Kids and their stuff make your relationship with your home feel complicated...
(Our shared bedroom)
When my now 19 year-old son was born we lived in a tiny, adorable one-bedroom garden cottage in north Berkeley. I somehow added his crib, changing table, diapers, wipes, ointments and clothing to my already small bedroom. Then there was his carseat, stroller, swing, playpen, Boppy pillow, brain stimulating toys, books, and activity mat, and bouncy seat. They landed in my tiny living room simply by default. In my tiny kitchen, the dish drainer, coffee maker, mixer, and cooking utensils now had to contend with baby bottles, a separate drying rack, a separate dish pan and bottle brush, and a sink sized plastic baby bathtub.
(The bathtub in the kitchen sink)
Almost overnight, our home had become cramped and cluttered. Ironically this was around the time I first heard the saying "If Momma ain't happy, ain't nobody happy."
Let me tell you. This Momma wasn't happy...
I was working full time. I was sleep deprived and anxious. I was miserable with the state of our house, and I felt like I was at the mercy of every new developmental stage and all their corresponding brain-stimulating toys. If clutter were visual noise, our house was a cacophony! I thought of moving, but immediately ruled it out. I didn't have the bandwidth or finances to look for a larger place. So for the first six months my son and kept the status quo living and sleeping in the same tight quarters.
But when he started crawling, as the saying goes, shit got real. FAST!
Out of sheer desperation I did two smart things.
First, I converted a small storage closet off my living room (filled with useless crap that had no business being kept) into a sweet little nursery. It had just enough room for his crib, a rug, a little book shelf and the changing table. I installed a regular sized window so the space would feel larger and brighter. I removed the door and hung linen curtains across the doorway, joking that it would prevent someone from giving CPS an anonymous tip that I was shutting my baby in a closet.
(My brother setting up the crib)
The result was instant sanity. Even though I "lost" a closet, for under $600 I gained a new bedroom basically out of thin air! My son made the transition to his new room without incident, and I retreated to the blissful sanctuary of my bedroom each evening appreciating the space to rest and unwind.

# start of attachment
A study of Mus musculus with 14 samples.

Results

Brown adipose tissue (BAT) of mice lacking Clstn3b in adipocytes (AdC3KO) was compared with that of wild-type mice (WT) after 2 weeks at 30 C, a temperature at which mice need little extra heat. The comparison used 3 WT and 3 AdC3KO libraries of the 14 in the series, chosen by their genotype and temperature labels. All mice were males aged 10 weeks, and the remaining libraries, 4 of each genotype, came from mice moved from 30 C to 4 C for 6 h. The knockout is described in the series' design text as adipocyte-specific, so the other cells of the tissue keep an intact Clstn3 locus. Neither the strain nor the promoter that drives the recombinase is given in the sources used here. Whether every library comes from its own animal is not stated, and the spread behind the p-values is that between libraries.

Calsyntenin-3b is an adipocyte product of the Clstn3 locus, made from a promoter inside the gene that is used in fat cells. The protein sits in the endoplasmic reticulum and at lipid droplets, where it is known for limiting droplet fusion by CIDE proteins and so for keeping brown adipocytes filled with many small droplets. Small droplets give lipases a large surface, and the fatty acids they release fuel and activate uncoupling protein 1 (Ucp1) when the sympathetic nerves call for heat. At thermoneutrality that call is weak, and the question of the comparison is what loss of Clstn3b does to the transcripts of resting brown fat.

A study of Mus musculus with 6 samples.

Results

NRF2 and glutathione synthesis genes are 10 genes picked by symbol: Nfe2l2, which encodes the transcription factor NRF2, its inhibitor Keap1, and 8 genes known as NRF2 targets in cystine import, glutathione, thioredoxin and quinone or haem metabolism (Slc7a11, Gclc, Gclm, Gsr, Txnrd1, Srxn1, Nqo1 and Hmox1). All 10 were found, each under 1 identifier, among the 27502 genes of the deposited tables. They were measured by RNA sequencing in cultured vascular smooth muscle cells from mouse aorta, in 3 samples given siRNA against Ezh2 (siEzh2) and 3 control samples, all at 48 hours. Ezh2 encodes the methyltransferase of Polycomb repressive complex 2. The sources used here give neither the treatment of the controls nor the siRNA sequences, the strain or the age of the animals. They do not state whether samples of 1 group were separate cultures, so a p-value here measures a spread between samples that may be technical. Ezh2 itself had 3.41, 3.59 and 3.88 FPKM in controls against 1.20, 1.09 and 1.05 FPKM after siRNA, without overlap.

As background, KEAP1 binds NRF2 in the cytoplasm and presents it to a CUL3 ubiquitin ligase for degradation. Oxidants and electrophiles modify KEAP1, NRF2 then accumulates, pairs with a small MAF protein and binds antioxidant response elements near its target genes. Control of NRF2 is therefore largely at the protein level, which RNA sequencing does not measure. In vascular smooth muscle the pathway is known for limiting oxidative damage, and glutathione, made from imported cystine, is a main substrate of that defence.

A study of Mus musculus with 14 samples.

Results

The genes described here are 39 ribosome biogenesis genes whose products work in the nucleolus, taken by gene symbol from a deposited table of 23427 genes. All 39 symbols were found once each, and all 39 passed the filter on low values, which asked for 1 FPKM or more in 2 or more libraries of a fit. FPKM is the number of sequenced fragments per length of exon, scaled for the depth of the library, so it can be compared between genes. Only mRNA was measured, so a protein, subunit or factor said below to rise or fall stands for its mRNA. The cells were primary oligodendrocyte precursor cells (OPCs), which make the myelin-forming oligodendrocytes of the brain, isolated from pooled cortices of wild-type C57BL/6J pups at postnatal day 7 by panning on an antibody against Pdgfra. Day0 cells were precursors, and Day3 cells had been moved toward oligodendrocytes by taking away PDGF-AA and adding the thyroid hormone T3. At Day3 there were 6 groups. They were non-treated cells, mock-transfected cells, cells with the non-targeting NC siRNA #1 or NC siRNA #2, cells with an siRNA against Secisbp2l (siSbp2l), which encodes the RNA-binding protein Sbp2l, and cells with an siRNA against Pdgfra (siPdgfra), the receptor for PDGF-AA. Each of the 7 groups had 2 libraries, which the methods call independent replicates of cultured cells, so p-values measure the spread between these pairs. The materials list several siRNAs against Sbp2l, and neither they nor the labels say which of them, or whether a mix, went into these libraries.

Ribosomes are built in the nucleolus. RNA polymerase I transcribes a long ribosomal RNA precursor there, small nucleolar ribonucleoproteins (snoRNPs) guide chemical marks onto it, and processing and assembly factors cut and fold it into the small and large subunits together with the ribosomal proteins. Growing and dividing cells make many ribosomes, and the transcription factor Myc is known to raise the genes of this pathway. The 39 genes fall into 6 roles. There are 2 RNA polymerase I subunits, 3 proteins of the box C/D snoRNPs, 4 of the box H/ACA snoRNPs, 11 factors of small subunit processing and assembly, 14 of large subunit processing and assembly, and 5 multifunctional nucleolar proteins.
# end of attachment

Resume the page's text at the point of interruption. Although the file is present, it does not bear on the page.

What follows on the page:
(The nursery in action!)
The second smart thing I did was admit I was too exhausted and emotionally stretched to help myself. So I hired a professional organizer. I knew Judy socially, and didn't exactly know how she could help me, but I was so utterly miserable in my home, I was willing to take a leap of faith.
Judy breezed in and set me straight right away. We sorted, we edited, we relocated stuff, gave away stuff, and carted stuff off to charity. Judy talked non-stop about hidden storage, vertical storage, under the bed storage, closet storage, over the door storage, hooks, containment, sensible baby proofing, and best if all, her absolute love of small homes! A few two-hour sessions later and my tiny, adorable one-bedroom garden cottage was starting to live its best family life.
The result was a dramatic drop in my stress level and a surprising surge in my enthusiasm. Everything now had a place and a plan! I no longer felt like the size of our home was a liability. In fact, after working with Judy, I began to look at our situation as an opportunity to be creative. I started to value my home in a way I never had before. I had it painted, inside and out. I moved furniture around, hung paintings, and tried to make it as pretty as I could on my limited budget. I cooked meals, I gardened, had friends over, and before I knew it, our cramped quarters had become our tiny, adorable one-bedroom garden cottage family home.
Now, wouldn't it be great if this was the end of the story?
Ha! In the following years, in four different houses, each time my son reached a new stage, I had to start from scratch. But it became easier and easier as I became more confident in my ideas about how we should live in our home. I also became more ruthless about what possessions I was willing to keep and what to pass on.
The most important thing I can impress upon parents who find themselves in a similar situation, is to truly understand the critical difference between living in a kid-centric family home, where kid clutter lives in every room, and a kid-friendly family home, where kids are warmly welcome to use every room of their house but their stuff isn't allowed to accumulate in certain areas. Kid-friendly homes will always, always, always achieve a higher quality of life for parents than kid-centric homes.
And I speak from first hand experience when I say if the parents ain't happy, ain't NOBODY happy!
Have you gone through this and come out the other side? Let me know in the comments below!